If one allows mining of a nonrenewable source, it is disingenuous to argue that the source should never be polluted if the economic activity causing the pollution is necessary to sustain employment. Suppose that two individuals proposed to extract water from a nonrenewable aquifer. The first agreed he would farm and by doing so dry up the aquifer. This use would generate 100 jobs over 45 years. Suppose the latter agreed he would utilize the water for industrial purposes, consume none of it, and reinject it into the ground after he was done. This use of the water would generate 4,500 jobs over 45 years. When reinjected into the aquifer, however, the water would be mildly toxic and, given current technology, unusable for other purposes. In which case is the public welfare best served? The debate over nondegradation versus measured rates of degradation rages on….
From DuMars and Minnis, New Mexico Water Law: Determining Public Welfare Values in Water Rights Allocation, 31 Ariz. L. Rev. 817 (1989).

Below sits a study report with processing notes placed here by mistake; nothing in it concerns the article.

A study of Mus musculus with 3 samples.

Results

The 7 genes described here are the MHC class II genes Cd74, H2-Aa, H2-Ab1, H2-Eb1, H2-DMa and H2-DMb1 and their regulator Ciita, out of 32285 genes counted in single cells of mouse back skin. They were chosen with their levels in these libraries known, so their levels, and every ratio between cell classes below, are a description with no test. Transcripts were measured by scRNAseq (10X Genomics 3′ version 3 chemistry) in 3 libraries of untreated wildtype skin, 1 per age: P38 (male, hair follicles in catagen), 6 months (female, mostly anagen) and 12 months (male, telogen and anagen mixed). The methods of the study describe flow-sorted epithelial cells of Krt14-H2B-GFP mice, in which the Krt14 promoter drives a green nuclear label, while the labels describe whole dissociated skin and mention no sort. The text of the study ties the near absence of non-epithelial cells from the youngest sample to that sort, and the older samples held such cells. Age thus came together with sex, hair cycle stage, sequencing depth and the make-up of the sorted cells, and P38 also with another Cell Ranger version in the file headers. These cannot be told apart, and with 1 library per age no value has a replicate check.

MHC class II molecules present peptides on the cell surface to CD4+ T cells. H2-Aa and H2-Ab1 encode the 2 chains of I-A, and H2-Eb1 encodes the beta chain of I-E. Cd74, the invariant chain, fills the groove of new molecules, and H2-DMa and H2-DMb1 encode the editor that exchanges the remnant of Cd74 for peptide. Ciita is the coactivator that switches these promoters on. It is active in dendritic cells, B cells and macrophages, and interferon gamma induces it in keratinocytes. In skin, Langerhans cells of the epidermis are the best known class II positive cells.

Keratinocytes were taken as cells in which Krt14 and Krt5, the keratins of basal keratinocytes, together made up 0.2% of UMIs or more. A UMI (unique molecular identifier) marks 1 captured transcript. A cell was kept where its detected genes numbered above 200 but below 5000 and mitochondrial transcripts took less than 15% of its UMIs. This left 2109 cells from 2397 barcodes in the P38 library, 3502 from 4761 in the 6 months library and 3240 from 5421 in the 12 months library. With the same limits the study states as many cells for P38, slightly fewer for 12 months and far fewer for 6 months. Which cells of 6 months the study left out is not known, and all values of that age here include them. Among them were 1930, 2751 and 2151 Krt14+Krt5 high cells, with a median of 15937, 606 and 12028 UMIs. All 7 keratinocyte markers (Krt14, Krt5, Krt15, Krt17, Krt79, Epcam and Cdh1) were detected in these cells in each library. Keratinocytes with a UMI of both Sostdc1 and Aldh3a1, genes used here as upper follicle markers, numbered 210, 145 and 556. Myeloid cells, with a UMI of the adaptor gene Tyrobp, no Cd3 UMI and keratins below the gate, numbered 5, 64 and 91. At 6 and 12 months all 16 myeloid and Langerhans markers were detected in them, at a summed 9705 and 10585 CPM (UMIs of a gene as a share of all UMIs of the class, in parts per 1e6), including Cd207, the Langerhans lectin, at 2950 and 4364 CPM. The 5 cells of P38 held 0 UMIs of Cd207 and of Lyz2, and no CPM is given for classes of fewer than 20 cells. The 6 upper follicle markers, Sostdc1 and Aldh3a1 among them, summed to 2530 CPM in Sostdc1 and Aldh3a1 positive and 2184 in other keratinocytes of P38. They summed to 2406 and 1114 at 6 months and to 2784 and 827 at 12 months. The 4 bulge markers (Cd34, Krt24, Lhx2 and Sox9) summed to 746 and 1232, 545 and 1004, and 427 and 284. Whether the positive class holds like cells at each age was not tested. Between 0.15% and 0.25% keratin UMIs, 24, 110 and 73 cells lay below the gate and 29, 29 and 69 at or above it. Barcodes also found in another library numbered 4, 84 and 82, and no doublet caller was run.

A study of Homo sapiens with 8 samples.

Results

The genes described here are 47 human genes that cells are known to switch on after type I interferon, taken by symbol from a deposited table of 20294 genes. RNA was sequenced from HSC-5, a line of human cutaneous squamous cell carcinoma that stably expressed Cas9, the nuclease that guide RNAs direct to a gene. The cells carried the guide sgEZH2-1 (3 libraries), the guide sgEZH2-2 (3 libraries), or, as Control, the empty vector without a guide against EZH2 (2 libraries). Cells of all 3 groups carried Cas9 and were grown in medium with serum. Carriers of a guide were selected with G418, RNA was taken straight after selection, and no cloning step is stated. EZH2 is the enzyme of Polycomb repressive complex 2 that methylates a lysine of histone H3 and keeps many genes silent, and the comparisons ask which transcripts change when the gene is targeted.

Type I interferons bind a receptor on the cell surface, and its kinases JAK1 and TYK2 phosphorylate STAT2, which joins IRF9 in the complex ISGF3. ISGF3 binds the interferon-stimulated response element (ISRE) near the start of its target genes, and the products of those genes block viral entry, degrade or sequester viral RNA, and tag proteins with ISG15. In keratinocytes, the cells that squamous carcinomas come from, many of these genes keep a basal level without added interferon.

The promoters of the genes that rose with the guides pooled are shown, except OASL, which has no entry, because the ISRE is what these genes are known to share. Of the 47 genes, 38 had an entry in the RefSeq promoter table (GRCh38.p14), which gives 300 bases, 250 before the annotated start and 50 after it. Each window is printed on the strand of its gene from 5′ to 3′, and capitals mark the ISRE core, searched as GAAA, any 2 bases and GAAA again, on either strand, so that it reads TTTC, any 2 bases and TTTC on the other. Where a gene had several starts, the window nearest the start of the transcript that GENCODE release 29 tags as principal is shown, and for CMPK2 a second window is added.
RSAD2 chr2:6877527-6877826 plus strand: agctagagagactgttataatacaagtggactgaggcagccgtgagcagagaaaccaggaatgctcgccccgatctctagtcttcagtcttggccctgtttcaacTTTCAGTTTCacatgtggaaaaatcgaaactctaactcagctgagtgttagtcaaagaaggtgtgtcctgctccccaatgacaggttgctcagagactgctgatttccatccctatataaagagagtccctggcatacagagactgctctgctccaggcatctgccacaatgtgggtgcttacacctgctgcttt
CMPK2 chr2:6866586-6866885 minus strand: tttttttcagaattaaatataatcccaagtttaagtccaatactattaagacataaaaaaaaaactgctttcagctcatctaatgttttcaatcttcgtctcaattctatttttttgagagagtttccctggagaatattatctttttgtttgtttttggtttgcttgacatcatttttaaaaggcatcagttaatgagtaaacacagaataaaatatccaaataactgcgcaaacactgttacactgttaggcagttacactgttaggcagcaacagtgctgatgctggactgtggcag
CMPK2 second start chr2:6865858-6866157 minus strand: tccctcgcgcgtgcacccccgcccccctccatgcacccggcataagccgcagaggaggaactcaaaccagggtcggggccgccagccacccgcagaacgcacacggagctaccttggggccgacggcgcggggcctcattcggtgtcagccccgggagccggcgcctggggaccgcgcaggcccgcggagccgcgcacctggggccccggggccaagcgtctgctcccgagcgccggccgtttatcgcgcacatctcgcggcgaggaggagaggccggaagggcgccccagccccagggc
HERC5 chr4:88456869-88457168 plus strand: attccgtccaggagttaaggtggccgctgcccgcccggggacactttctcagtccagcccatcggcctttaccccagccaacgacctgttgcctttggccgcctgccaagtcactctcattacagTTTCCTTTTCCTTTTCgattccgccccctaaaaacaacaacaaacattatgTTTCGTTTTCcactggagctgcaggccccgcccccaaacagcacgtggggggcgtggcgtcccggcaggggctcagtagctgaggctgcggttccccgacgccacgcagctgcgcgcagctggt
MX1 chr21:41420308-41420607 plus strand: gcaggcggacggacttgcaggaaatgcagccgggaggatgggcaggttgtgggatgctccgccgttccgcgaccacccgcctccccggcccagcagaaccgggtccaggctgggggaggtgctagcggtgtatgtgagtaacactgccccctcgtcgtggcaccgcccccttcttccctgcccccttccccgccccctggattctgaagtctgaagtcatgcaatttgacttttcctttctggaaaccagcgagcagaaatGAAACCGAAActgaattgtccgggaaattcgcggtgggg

I’d much rather have a farmer water his crops with fossil water than an oil company or some other manufacturer waste it.
I can’t eat a cheap gewgaw (yes, we all eat oil, but we also suffer for the emissions).
Good point. Thanks.
To evaluate these choices, as well as Dano’s, we need an agreed upon metric by which to make the choice. That metric, at least to me, has to explicitly state the worldview on which it is based and, probably, take the unsustainable part of that world view out of the metric.
One metric that was proposed to me on water use would lead to the diminution of the world’s population from 7 billion to 100 million. This world would be ‘natural.’ I asked why the 6.9 billion would be happy to die for the 100 million. I never got an answer. On water, I want a holistic view and discussion, preferably one in which the unintended bad consequences have been spotted and minimized.